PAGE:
Ed Rowe and KVH - Reflective Melody (Review)

Ed Rowe and KVH - Reflective Melody (Essence of Hip-Hop)

 "Reflective Melody" is a collaborative album between Atlanta emcee Ed Rowe and Ukraine hip-hop producer KVH. The album features a guest appearance from Zen-Zin and is fully produced by KVH himself. It was released on September 5, 2014 via Essenchill Records.

1) Once It's All Said And Done - The first song on the album features Ed Rowe doing his thing over a chopped up soulful vocal sample that has a real laid-back feel to it. The beat is dope though and Ed Rowe rips it while rapping about how hip-hop is still alive and well today despite how many feel about it. - 3.5/5

2) Change - This song finds Ed Rowe speaking "for and from the souls of those fed up with police brutality, economic inequality, mass incarceration, and political corruption as a whole" over a somber KVH instrumental. The lyrics are heartfelt and the use of the 2Pac sample on the chorus makes the song even more effective. Very dope. - 4/5

3) Black Rationalist - KVH delivers yet another dope beat on this cut, with a chopped up, soulful sample layered over head nodding drums. Most of the beats so far have been similar in tone, but each has it's own identity. Lyrically Ed Rowe rips it, as expected, rapping about being "not quite an activist, but far from a pacifist." - 3.5/5

4) Any Questions? - The beat on this joint is probably my favorite so far, with another chopped up jazz sample with a real somber feel to it. I dunno why, but something about the beat is hittin' me hard. Luckily the rhymes are just as strong, with Ed Rowe addressing how the media is always looking for the latest scoop and then ends up putting a negative spin on everything. - 4.5/5

5) For The Soul I Was Craving - Ed Rowe speaks on some of his vices over another one of my favorite instrumentals on the project so far. The beat is banging and Ed Rowe's rhymes are quite personal. Dope shit. - 4/5

6) Product of Faith - KVH comes through with another ill instrumental on this cut, mainly centered around another soulful vocal sample over dusty drums. The production on here has a sort of introspective feel to it it that goes along with Ed Rowe's thoughtful rhymes very nicely. Dope track. - 4/5

7) Do It No Justice - Ed Rowe kicks some personal rhymes to his girl over a beautiful vocal and piano loop with shuffling drums. Like the other songs, the beat is real dope and Ed Rowe sounds great over it. - 3.5/5

8) Cry No More (featuring Zen-Zin) - This track finds Ed Rowe linking up with Zen-Zin as both emcees rap about keeping your faith and remaining confident in the face any obstacle. The rhymes are dope and KVH comes correct with the instrumental. - 3.5/5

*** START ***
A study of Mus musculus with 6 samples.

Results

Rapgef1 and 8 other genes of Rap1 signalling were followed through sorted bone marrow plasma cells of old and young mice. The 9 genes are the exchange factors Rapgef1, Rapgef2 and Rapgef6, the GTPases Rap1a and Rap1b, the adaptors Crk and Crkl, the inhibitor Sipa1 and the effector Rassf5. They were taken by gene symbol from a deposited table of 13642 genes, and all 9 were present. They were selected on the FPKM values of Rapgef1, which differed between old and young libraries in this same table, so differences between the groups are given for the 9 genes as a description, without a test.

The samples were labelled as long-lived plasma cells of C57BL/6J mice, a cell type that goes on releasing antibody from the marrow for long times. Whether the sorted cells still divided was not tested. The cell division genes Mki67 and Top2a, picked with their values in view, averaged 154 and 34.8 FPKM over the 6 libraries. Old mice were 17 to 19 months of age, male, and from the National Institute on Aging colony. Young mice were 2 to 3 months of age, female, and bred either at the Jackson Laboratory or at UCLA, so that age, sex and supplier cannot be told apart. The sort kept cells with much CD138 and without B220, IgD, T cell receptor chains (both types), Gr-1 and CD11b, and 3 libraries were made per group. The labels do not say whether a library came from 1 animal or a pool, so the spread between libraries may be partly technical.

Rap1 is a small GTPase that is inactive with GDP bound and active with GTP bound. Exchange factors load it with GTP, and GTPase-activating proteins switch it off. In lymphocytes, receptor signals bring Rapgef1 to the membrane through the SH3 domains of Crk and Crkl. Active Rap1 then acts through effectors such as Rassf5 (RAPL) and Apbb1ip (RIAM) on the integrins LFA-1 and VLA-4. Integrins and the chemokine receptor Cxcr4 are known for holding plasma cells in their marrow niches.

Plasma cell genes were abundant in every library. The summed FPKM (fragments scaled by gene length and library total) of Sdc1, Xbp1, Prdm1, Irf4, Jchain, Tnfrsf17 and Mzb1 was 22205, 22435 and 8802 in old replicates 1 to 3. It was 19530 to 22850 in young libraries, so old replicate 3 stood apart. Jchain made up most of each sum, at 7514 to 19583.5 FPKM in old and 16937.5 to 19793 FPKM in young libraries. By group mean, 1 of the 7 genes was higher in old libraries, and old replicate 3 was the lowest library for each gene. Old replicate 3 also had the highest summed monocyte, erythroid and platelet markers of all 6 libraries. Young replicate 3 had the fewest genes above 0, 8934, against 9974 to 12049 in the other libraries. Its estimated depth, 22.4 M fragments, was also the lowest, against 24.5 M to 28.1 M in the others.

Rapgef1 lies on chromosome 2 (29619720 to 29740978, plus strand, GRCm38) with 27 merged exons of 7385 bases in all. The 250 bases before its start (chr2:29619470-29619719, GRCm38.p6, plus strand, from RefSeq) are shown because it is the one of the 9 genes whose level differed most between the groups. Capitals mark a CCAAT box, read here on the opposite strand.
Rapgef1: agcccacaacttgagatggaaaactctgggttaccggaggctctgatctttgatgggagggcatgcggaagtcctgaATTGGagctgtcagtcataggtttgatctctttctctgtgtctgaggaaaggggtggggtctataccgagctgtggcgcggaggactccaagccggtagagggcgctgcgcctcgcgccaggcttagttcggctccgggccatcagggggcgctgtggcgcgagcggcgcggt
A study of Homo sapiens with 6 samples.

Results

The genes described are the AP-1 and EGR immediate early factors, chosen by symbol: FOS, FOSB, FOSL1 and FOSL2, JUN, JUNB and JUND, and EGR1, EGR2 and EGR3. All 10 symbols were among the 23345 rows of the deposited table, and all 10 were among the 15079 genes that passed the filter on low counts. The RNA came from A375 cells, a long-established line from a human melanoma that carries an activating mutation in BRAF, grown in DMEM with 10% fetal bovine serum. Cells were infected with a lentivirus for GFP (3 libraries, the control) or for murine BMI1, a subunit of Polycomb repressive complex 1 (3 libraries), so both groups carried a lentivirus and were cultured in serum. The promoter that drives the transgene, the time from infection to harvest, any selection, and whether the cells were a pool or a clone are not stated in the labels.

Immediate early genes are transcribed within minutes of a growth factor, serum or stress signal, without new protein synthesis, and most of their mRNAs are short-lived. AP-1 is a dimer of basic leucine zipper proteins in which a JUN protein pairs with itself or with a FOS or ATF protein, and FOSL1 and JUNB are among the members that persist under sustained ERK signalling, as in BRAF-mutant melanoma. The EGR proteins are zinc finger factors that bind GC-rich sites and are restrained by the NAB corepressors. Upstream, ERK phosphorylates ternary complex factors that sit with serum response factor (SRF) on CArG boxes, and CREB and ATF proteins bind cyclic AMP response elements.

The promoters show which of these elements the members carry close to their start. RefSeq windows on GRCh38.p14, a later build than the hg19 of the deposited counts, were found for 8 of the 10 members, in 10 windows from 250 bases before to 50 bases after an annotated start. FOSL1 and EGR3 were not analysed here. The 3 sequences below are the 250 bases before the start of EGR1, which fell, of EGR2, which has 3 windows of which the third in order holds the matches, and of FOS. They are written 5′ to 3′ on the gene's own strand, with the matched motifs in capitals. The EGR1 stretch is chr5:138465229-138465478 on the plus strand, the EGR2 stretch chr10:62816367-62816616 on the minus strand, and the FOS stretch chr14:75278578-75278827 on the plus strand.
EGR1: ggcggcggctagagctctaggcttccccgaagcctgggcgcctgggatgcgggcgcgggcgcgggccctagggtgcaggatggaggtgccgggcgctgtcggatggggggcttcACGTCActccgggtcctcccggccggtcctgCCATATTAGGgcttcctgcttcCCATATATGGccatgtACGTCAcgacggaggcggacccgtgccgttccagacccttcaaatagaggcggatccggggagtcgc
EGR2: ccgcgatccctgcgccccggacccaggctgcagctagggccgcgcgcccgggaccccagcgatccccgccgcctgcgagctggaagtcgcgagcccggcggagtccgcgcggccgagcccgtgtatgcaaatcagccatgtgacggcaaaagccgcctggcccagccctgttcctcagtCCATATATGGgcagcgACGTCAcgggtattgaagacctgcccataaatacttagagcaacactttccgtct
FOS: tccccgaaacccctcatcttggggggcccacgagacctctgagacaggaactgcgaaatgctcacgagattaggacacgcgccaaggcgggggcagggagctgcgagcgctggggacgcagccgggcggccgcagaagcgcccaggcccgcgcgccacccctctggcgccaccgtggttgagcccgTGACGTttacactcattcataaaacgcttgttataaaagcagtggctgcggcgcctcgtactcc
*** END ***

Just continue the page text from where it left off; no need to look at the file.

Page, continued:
9) Subtle Nuances - The beat on this joint features a soft piano loop layered over head nodding boom-bap drums and it's just as dope as all of the others. Lyrically the song is just as good as well, with Ed Rowe rapping about how sometimes its the little things that make the bigger impact. - 4/5

10) Change (Remix) - This song is a remix of track two, but the beat and rhymes are original and make it feel more like a new song instead of a remix. The instrumental has a sort of murky feel to it and Ed Rowe's rhymes stick close to the topic of the original song, but act as a different take on the same theme. I actually prefer the original over this one. - 3.25/5

11) Dung-Fu (Bonus) - Ed Rowe kicks some "silly shit" over a chopped up sample that sounds real familiar to me. The beat is dope and Ed Rowe is just having some fun on here. Nice. - 3/5

12) Sadly Mistaken (Bonus) - The final bonus track finds Ed Rowe rapping about hooking up with the wrong chick over a sort of quirky KVH instrumental. It's not my favorite track on here, but not bad. - 2.75/5

I'm going to rate the album

3.75 / 5

because it's quite good. KVH comes through nicely with the production on each track, with many of the beats being centered around chopped up and soulful vocal loops layered over dusty boom-bap drums. Despite the consistent sound of the production, the beats never really feel like rehashes of the previous songs and KVH keeps it interesting the whole time. As far as the rhymes go, you know Ed Rowe is going to come correct. His flow is just as good as it always has been and his lyrics deftly mix substance with humor and just plain having fun on the mic. Overall the project is real dope and is yet another solid release from Essenchill Records.